Doctor of Musical Arts (DMA) in Conducting
The Doctor of Musical Arts in Conducting is granted upon successful completion of a program of study, written and oral qualifying examinations, and terminal projects appropriate to the student’s field of specialization. Students must complete a minimum of 48 semester credits with grades no lower than B- in graduate-level coursework. All degree requirements must be completed within seven years of the date of matriculation.
All entering Doctor of Musical Arts students are required to take proficiency examinations in music theory and music history. These examinations are given online before the start of classes. Accepted students are notified of the exam dates and contents in advance, and are responsible for taking them by the specified deadline. Exam results are used for advisement and may establish prerequisite or required coursework. Material covered in these examinations is commonly presented in most undergraduate degree programs in music. Students with insufficient background in music theory and/or music history may be required to take the appropriate review courses, which may earn elective credit. Descriptions of these courses appear in the School of Music Graduate Handbook.
Conducting Program Outline
Students must complete a minimum of 48 graduate credits, including:
|MH 711 Music Research Techniques
(to be completed within the first three semesters of doctoral study)
|MT 701 Doctoral Proseminar in Theory||3 cr|
|Musicology and/or Music Theory||6 cr|
|Applied Music (if appropriate)||18 cr|
|Approved Music Electives||18 cr|
Choral conducting majors must take 8 credits of MP 891–94 Choral Literature Seminar.
In any semester after completing at least 30 credits, students may undertake the doctoral qualifying examinations, written and oral. There are two written examinations: one in the area of music theory, and one in the areas of music history and the major field. Either or both of these examinations may be taken in a given semester.
The student has three opportunities to pass written examinations in each of the three areas. Once a student has passed an individual area exam, he or she need not repeat it even if required to retake another area exam. The student proceeds to the oral examination only after passing all written examinations. Requirements vary by concentration. There are also three opportunities to pass the oral examination. Further details on the qualifying examinations are available in the School of Music Graduate Handbook.
Doctoral students in conducting may elect one of two program options: the dissertation track or the alternate track. Dissertation track students will register for 3 credits of MP 929 Research and Directed Study in Conducting in lieu of 3 musicology/music theory credits.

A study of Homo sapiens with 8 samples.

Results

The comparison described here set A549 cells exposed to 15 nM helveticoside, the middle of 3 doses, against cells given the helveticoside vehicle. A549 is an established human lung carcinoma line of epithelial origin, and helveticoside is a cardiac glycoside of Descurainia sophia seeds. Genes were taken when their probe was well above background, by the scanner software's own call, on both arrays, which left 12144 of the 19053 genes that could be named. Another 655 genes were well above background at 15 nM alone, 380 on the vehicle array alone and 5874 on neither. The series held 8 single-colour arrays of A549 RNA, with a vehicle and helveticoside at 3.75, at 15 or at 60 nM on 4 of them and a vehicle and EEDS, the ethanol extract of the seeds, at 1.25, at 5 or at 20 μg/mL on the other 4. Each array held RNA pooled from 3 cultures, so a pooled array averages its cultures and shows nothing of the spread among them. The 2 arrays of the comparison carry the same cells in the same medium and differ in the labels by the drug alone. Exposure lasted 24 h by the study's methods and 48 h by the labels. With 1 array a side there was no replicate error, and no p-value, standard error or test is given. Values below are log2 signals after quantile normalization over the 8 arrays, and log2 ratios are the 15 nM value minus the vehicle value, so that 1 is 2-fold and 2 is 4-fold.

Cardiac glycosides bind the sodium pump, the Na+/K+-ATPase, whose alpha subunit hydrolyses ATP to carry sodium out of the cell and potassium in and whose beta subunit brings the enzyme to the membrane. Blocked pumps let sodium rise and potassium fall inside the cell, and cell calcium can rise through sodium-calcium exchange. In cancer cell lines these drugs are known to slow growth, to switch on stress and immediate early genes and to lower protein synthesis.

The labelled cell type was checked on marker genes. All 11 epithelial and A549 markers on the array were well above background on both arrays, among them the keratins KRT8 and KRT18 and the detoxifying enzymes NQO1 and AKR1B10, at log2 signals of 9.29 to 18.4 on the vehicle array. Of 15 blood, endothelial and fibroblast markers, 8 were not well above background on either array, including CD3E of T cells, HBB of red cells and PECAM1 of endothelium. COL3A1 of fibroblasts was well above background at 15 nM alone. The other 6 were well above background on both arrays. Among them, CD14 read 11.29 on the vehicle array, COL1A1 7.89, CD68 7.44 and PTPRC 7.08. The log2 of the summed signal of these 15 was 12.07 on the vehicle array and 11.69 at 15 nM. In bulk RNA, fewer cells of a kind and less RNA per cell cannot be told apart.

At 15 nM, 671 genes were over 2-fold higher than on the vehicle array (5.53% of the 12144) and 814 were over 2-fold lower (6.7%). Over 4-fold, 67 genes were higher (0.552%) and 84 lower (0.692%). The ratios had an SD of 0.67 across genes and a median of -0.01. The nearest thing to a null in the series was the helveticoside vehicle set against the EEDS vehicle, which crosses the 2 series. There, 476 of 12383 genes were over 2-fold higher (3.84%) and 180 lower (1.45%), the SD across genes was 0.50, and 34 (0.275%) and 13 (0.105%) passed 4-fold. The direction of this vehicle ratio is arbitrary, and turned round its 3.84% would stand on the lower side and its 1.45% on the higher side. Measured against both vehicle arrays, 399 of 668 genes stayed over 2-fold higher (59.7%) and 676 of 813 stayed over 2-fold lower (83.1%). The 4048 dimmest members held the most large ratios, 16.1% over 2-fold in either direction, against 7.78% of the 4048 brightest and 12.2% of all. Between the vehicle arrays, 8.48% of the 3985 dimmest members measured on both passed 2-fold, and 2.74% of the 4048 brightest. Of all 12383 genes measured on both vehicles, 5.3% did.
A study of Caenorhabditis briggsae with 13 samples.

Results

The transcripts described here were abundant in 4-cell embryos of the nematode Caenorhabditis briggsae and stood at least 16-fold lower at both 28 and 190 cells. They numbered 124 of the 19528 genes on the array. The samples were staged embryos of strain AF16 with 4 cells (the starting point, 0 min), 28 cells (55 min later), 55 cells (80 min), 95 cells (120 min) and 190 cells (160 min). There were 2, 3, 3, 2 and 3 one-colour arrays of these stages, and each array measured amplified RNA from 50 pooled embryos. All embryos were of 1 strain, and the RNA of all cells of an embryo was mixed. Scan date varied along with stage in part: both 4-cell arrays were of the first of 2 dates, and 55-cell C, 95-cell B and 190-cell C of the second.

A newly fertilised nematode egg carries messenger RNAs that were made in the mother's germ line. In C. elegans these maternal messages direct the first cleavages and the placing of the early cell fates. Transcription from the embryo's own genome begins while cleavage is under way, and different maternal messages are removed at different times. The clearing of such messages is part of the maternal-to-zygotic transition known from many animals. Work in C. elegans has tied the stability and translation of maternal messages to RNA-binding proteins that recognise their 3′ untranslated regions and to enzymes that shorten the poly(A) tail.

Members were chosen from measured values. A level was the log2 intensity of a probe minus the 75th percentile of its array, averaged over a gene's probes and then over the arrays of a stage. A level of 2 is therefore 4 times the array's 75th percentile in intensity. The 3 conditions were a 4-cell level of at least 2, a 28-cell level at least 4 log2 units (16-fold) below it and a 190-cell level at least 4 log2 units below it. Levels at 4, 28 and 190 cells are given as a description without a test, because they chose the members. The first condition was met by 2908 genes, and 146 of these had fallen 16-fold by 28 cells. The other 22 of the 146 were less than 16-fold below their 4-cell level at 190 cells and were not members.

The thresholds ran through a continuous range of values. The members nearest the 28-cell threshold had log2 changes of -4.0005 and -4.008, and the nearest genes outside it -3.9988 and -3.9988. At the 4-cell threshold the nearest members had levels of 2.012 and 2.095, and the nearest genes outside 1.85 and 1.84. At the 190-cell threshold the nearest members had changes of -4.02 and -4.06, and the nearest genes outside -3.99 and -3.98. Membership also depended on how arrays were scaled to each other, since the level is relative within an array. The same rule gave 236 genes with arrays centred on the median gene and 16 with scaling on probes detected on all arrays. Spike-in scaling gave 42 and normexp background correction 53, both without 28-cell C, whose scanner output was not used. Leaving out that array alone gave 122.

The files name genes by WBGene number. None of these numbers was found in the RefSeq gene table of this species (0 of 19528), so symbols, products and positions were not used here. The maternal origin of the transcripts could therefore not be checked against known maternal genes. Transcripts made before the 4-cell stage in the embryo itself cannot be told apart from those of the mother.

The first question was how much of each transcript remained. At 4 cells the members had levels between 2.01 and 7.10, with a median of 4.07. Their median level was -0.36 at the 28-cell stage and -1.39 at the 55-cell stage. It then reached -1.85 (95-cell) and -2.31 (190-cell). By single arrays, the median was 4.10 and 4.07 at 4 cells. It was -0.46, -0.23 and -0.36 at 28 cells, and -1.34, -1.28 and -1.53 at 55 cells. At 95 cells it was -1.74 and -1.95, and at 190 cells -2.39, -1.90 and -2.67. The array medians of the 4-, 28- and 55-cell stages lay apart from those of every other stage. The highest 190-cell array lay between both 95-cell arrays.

Candidates for the DMA in Conducting must give two public recitals. The programs for the recitals can reflect the specific interest of the individual student, but the programs must include literature from a broad historical span.
Terminal Project: Independent Research/Dissertation and Lecture-Recital
The student must write a substantial document demonstrating the ability to conduct independent research. This document should stress source materials, comparative editions, score analysis, and performance practice. The student must give a lecture-recital based on this document and use the medium of performance to illustrate it. The lecture-recital must be supervised and approved by assigned faculty readers. A copy of the lecture must be included as an appendix in the final copies of the document. Conducting students are not required to give a lecture-recital.
Choral and Instrumental Conducting
There are three distinct components leading to the fulfillment of the requirements for the DMA in Conducting (choral or orchestral) for the student electing this program option.
Both choral and orchestral conductors shall present concerts proposed in consultation with their advisor. No specific number of performances is required, but it is recommended that there be no fewer than three different programs that meet conditions outlined in the School of Music Graduate Handbook.
Supporting Written Material
Depending on the nature of the project agreed upon by the student, the advisor, and the conducting faculty, the written material can take a variety of forms, for example: documented and originally composed program notes; translations and phonetic guides to pronunciation (in the case of choral music); or analysis of the works conducted.
The student may present a series of pre-concert lectures, which may or may not be associated with the above concerts. The lectures should be original to the conductor and fully documented.
Terminal Project Options
The conducting student, in consultation with the conducting faculty, may elect to combine performance and scholarship in a variety of ways. Details are provided in the School of Music Graduate Handbook.